Joy Wilson, health policy director for the National Conference of State Legislatures, said the 2013 legislative session likely laid the groundwork for reluctant legislatures to pass the expansion next year—when states will have lost only one year of the three-year 100% federal funding for expansion.
“I think some states will reconsider next year,” Wilson said.
For instance, the Missouri legislature—which rejected Democratic Gov. Jay Nixon's repeated efforts to pass a Medicaid expansion—plans to convene a committee to study the issue before the 2014 session.
Meanwhile, advocates for expansion in some states, including Iowa and Ohio, also have voiced some support for voter referendums. The ballot push is based on the belief that voters are more supportive of the expansion than Republican legislators, who have generally opposed adding millions of new beneficiaries to a program they view as costly and a poor insurer.
The ballot push may get a boost in some conservative states from recent polling that found broad support for Medicaid expansion. Sixty-two percent of voters in Alabama, Georgia, Louisiana, Mississippi and South Carolina supported the Medicaid expansion, according to polling released Tuesday by liberal Families USA. That support came despite a pluralities' opposition to the overall law, which generally mirrored national polls.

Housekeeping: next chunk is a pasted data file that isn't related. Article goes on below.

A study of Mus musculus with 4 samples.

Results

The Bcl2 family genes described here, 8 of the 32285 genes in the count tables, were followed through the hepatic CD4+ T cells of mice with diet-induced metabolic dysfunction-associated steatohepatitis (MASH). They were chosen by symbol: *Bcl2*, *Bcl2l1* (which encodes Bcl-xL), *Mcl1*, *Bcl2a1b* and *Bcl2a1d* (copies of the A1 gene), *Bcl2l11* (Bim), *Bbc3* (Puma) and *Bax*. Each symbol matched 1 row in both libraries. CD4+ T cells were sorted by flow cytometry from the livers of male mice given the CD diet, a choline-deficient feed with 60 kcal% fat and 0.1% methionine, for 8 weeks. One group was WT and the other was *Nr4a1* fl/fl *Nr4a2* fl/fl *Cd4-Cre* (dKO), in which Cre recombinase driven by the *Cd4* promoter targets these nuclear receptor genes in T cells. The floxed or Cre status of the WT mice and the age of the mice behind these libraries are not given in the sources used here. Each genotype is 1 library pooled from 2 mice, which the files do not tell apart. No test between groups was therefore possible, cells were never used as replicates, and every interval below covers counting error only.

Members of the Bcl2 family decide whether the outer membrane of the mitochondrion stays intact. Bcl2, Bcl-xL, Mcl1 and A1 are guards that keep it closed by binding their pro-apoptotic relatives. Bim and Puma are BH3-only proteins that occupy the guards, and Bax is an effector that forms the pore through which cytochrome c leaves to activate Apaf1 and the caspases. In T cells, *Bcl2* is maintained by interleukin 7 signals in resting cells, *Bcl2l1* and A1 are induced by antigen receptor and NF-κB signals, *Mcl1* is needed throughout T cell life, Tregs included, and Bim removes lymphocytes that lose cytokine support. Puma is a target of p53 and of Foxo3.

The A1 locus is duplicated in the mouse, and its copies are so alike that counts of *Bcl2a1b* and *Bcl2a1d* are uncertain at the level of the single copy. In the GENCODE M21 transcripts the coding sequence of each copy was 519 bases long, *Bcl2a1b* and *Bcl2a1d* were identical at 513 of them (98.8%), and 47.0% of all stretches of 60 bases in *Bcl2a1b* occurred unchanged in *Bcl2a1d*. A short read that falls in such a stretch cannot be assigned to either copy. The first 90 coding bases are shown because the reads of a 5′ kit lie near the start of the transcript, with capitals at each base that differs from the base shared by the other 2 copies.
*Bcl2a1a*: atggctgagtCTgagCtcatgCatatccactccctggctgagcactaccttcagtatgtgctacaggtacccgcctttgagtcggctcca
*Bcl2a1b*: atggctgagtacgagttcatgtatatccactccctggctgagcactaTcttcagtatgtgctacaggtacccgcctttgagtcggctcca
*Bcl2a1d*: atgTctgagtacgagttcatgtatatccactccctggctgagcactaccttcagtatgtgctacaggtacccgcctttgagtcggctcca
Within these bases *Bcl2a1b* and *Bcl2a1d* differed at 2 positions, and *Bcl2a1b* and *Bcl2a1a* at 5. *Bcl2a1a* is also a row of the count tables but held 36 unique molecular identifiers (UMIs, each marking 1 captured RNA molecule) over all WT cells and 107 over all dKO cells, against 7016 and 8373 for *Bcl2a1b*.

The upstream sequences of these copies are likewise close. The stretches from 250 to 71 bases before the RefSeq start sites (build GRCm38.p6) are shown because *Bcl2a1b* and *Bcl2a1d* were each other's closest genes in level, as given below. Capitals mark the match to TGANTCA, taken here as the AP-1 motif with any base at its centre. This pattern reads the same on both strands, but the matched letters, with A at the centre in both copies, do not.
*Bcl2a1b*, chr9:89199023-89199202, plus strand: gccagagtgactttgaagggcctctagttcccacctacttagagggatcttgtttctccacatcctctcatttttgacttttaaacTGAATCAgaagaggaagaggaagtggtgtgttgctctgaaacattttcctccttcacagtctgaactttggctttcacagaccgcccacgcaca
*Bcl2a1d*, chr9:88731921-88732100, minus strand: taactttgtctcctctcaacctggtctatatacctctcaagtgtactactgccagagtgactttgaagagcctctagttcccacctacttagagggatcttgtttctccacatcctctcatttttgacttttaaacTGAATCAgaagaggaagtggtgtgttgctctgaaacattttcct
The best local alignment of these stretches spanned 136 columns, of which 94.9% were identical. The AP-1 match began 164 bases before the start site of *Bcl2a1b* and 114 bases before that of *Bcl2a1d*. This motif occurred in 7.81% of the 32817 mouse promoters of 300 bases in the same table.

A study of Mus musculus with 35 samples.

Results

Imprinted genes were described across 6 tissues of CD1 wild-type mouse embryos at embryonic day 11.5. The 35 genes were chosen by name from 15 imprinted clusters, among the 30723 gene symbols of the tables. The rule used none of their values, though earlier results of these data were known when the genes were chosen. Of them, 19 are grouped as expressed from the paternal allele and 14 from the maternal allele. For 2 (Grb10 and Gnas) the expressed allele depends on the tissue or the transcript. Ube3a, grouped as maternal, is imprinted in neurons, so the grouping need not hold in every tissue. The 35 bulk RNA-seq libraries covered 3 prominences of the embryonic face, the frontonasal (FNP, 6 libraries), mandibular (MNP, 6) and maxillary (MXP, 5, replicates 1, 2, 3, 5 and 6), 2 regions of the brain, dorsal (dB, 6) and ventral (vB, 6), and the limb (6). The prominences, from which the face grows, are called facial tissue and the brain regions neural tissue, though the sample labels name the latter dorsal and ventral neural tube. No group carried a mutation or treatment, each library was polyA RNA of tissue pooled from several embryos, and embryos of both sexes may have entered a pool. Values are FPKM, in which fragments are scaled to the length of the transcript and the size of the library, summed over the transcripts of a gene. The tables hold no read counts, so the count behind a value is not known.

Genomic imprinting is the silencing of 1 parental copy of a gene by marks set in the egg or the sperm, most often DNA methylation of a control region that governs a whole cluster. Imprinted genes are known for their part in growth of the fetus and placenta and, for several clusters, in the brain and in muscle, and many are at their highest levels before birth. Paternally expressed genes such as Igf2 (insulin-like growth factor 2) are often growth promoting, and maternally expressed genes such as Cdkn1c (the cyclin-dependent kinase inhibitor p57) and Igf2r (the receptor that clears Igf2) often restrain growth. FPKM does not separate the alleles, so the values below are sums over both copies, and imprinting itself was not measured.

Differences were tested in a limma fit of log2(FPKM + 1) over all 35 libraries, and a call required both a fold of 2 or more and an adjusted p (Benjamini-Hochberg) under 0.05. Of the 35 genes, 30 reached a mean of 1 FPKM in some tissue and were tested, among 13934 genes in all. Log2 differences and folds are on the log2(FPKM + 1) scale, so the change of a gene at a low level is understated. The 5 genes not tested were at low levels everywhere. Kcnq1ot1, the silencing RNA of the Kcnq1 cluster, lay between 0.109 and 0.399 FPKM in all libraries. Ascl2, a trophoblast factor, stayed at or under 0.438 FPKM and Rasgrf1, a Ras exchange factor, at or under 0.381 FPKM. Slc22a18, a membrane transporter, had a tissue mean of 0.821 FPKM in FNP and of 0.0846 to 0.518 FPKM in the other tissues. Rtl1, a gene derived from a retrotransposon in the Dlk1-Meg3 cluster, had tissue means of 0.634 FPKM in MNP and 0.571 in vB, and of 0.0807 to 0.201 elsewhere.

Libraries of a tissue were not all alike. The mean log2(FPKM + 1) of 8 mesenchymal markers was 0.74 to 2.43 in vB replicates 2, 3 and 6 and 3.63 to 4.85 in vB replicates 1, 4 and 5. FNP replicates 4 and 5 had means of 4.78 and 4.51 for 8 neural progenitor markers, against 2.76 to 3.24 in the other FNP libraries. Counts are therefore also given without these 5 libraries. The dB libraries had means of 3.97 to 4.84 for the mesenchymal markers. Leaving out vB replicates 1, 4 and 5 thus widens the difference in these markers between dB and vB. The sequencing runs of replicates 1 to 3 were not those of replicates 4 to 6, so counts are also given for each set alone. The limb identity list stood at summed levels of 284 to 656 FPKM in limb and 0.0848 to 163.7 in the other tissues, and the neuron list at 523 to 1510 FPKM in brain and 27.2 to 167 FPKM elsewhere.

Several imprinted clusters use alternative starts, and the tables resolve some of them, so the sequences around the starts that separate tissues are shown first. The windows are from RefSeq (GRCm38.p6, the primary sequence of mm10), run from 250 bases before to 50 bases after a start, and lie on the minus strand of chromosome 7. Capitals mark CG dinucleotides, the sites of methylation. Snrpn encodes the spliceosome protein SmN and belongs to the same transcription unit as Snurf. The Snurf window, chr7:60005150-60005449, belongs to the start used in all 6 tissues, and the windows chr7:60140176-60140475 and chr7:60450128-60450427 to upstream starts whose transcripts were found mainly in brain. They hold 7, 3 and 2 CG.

But advocates of expansion do not all support taking the issue to the voters.
Peter Wertheim, a spokesman for the Arizona Hospital and Healthcare Association, said the state's hospitals oppose a ballot initiative over the legislature deciding on it. The state Senate passed a Medicaid expansion, but it ran into opposition in the House, where Speaker Andy Tobin has urged it be sent to the voters.
“We elect our legislators to get this job done,” Wertheim said.
The referendum route would push back a decision on the bill until the fall, reducing needed implementation time and adding the costs of a potentially pricey campaign, he said.
Instead, hospitals and their allies in the state—under the umbrella group Restoring Arizona—are using rallies, and advertising to push reluctant House Republicans to approve the expansion.
Iowa lawmakers deadlocked
Iowa legislators remain deadlocked over a Medicaid expansion, as its legislation session nears its end, according to the Associated Press.
Lawmakers have not found a compromise on whether to expand Medicaid or to pass an alternate healthcare plan offered by Republican Gov. Terry Branstad. Some legislators have discussed the possibility of concluding the session without finishing the debate and to return later on that issue in a special session.
Democrats, who control the Senate, have advocated on behalf of Medicaid expansion, while Republicans running the House prefer Branstad's plan to revamp an existing program for low income Iowans.